Coding assistance in Visual Basic .NET
All JetBrains Rider's coding assistance features available in C# are also supported in Visual Basic .NET. You can find the detailed information on these features in the corresponding topics of the Coding assistance section.
In this topic, you can find some examples of using coding assistance features in Visual Basic .NET.
You can establish a custom font and color scheme, for more information, see Colors schemes: fonts and colors of IDE text.
Default syntax highlighting:
Code Completion features help you write code faster by providing a set of items to complete based on surrounding context. For more information, see Code completion (IntelliSense).
Three Code Completion features are available in Visual Basic:
Automatic and basic completion
Basic completion suggests namespaces, types, methods, fields, properties, and so on. Enum members are also included in basic completion list. If you use anonymous types, JetBrains Rider takes their properties into account and displays them in completion list along with other available items.
Smart type-matching completion
Type-matching completion filters items in code completion list according to the type expected in current context. Look at the example below, only those items that have
string type are displayed in the list.
Import symbol completion
Second basic completion provides completion items for types and extension methods that are not visible through import directives in current context.
Examples of context actions
JetBrains Rider provides a set of context actions that target Visual Basic .NET code. You can find the full list of these actions in the Editor | Context actions | Visual Basic .NET page of JetBrains Rider Settings. If necessary, you can also disable some of the actions using this page.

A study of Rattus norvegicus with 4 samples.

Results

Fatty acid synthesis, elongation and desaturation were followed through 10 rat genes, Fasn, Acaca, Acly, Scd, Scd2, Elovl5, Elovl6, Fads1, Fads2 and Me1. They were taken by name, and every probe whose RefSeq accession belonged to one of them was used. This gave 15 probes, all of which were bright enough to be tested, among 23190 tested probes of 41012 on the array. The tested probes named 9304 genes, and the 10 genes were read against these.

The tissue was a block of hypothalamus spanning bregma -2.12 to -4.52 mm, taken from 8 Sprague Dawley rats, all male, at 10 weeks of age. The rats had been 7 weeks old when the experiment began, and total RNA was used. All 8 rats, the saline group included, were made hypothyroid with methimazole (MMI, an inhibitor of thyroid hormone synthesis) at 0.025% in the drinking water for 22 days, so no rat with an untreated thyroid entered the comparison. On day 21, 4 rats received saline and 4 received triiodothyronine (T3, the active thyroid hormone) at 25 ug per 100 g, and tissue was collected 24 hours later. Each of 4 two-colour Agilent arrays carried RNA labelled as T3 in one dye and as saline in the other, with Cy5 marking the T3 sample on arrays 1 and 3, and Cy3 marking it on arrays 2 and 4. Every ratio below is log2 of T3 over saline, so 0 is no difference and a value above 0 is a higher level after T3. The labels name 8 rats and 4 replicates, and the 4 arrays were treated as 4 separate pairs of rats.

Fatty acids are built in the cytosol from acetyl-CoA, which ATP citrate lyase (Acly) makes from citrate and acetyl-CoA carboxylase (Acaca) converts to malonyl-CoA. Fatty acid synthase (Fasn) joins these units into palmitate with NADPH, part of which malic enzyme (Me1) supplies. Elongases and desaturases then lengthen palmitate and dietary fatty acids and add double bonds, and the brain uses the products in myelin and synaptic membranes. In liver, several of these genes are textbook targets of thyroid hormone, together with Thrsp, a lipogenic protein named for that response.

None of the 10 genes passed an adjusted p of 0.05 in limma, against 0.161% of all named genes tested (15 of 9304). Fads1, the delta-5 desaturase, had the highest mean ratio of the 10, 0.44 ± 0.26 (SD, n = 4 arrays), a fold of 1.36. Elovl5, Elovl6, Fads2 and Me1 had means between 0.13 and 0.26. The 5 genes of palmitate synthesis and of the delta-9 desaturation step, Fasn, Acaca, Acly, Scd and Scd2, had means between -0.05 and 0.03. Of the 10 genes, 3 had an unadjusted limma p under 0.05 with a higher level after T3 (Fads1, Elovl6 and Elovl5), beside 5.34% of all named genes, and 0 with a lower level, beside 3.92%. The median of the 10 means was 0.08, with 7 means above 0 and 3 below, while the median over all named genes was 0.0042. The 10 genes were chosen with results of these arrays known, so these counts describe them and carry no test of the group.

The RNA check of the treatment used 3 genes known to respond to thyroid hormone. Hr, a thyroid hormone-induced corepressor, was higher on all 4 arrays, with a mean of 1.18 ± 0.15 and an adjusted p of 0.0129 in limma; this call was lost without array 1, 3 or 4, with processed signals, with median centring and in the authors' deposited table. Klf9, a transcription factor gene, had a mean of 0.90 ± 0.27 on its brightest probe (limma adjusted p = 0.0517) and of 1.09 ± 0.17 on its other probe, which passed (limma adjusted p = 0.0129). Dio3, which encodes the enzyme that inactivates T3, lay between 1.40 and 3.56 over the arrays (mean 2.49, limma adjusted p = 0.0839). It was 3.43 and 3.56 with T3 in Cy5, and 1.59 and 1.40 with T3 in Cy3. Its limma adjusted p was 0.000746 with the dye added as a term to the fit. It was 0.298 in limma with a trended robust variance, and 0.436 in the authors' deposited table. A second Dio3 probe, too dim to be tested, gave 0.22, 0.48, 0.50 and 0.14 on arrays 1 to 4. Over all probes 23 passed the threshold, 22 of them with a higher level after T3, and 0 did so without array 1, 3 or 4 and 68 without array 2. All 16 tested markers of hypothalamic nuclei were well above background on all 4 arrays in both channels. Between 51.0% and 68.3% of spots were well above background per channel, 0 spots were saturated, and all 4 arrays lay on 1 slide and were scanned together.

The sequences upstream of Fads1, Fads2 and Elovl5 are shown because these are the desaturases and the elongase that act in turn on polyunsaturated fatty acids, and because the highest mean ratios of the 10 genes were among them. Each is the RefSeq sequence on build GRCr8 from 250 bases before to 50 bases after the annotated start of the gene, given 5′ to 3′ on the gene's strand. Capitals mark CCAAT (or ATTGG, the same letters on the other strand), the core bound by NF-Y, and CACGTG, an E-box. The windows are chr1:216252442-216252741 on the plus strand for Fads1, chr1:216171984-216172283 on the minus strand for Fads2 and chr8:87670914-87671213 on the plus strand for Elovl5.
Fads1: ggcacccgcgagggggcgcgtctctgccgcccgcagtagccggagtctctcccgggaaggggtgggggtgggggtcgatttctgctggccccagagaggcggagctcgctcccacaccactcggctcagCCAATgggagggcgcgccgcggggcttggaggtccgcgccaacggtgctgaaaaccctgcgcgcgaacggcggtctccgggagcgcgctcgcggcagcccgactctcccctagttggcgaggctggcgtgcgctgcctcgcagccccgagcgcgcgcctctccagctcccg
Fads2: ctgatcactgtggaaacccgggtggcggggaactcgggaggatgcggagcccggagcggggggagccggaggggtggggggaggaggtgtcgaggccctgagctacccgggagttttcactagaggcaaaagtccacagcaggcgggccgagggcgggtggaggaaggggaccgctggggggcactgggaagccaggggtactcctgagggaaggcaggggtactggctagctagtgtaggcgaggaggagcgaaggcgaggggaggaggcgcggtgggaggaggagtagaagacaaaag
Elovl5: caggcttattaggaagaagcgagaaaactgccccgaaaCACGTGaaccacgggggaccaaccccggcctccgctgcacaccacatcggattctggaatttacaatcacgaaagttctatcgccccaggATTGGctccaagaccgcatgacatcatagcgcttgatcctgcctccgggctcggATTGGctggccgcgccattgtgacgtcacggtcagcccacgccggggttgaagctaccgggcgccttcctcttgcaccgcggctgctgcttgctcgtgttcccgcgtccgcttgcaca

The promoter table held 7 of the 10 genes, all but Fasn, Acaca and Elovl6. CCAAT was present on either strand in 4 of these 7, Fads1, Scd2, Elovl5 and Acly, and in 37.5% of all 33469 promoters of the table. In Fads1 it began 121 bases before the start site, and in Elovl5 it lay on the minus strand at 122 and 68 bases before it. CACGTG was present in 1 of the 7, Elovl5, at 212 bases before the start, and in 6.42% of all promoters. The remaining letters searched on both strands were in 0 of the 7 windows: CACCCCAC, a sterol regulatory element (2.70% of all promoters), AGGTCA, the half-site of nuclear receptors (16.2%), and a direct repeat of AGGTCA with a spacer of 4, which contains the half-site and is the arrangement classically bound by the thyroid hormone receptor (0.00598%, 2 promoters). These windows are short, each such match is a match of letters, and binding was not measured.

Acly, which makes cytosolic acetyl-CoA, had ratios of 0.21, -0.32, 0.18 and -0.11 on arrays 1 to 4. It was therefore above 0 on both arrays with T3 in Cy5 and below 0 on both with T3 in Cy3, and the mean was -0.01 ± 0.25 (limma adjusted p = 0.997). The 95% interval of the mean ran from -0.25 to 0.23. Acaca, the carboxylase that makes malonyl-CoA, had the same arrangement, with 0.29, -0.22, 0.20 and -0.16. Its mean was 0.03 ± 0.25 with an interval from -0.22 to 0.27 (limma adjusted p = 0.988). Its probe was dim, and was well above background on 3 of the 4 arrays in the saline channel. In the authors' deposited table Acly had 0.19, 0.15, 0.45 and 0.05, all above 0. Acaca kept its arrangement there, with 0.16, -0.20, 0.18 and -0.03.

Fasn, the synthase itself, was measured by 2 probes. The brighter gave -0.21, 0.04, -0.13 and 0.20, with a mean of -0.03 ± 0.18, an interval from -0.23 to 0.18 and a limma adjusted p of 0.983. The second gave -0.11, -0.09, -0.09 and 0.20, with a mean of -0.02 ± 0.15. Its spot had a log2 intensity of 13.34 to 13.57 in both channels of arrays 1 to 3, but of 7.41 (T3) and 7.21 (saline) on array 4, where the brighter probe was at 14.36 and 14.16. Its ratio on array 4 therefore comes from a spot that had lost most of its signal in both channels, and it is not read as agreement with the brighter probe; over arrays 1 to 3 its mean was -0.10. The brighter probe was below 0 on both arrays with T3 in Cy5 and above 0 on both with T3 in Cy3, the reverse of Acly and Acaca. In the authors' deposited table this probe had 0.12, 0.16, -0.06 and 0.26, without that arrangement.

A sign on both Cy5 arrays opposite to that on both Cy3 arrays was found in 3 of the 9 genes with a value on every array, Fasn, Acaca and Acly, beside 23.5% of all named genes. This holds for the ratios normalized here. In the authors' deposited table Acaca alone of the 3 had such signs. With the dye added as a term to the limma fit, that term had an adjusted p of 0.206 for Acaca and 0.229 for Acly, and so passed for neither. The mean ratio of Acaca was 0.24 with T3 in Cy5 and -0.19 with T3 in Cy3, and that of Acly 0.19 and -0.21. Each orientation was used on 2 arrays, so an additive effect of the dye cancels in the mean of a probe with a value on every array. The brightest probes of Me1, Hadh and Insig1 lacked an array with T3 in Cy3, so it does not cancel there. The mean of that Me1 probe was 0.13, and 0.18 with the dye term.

As soon as a context action becomes available for the current caret position, JetBrains Rider displays the corresponding action indicator to the left of the caret. Sometimes however, JetBrains Rider provides several contextually available features for the current caret position. In this case, the action indicator corresponding to the action with the highest priority is shown, and all other actions only appear when you expand the action list by clicking on the action indicator or pressing Alt+Enter Context actions have the lowest priority, therefore, they often appear at the bottom of the action list.
Here are some examples of context actions for Visual Basic .NET:
Add new format item
If you need to add some dynamic data to a string literal, use this context action. It wraps the string literal with the
String.Format method call, adds a placeholder at the current caret position and lets you specify the corresponding parameter.
Change member visibility
If you need to adjust member visibility, JetBrains Rider provides a context action that allows doing this quickly.
Convert Function to Sub
In case you want to convert a Visual Basic .NET Function to a Sub, there's the corresponding context action as well.
Convert to property with backing field
You can easily transform an automatic property to a property with backing field. Place the caret at the name of an automatic property and press Alt+Enter. JetBrains Rider suggests the appropriate context action.
Create overload without parameter
For each parameter of a function there's a context action that will create a function without that parameter which calls the original function.
After you add a new member to a base class, the next logical step is to implement this member in all classes derived from the base class. You can write code manually, but a better decision is to apply the appropriate context action. JetBrains Rider automatically detects all derived classes and prompts you to decide where a base class member should be implemented and generates code.
Rearrange code elements is available in Visual Basic as well. For example, you can move a member declaration up or down within a type.
You can move a statement out of or into a block of code. For example, to move
If statement out of
For Each loop, press Ctrl+Alt+Shift+Left.
You can reorder parameters of a method call or a method declaration. For example, to move
FileId argument to the right, press Ctrl+Alt+Shift+Right.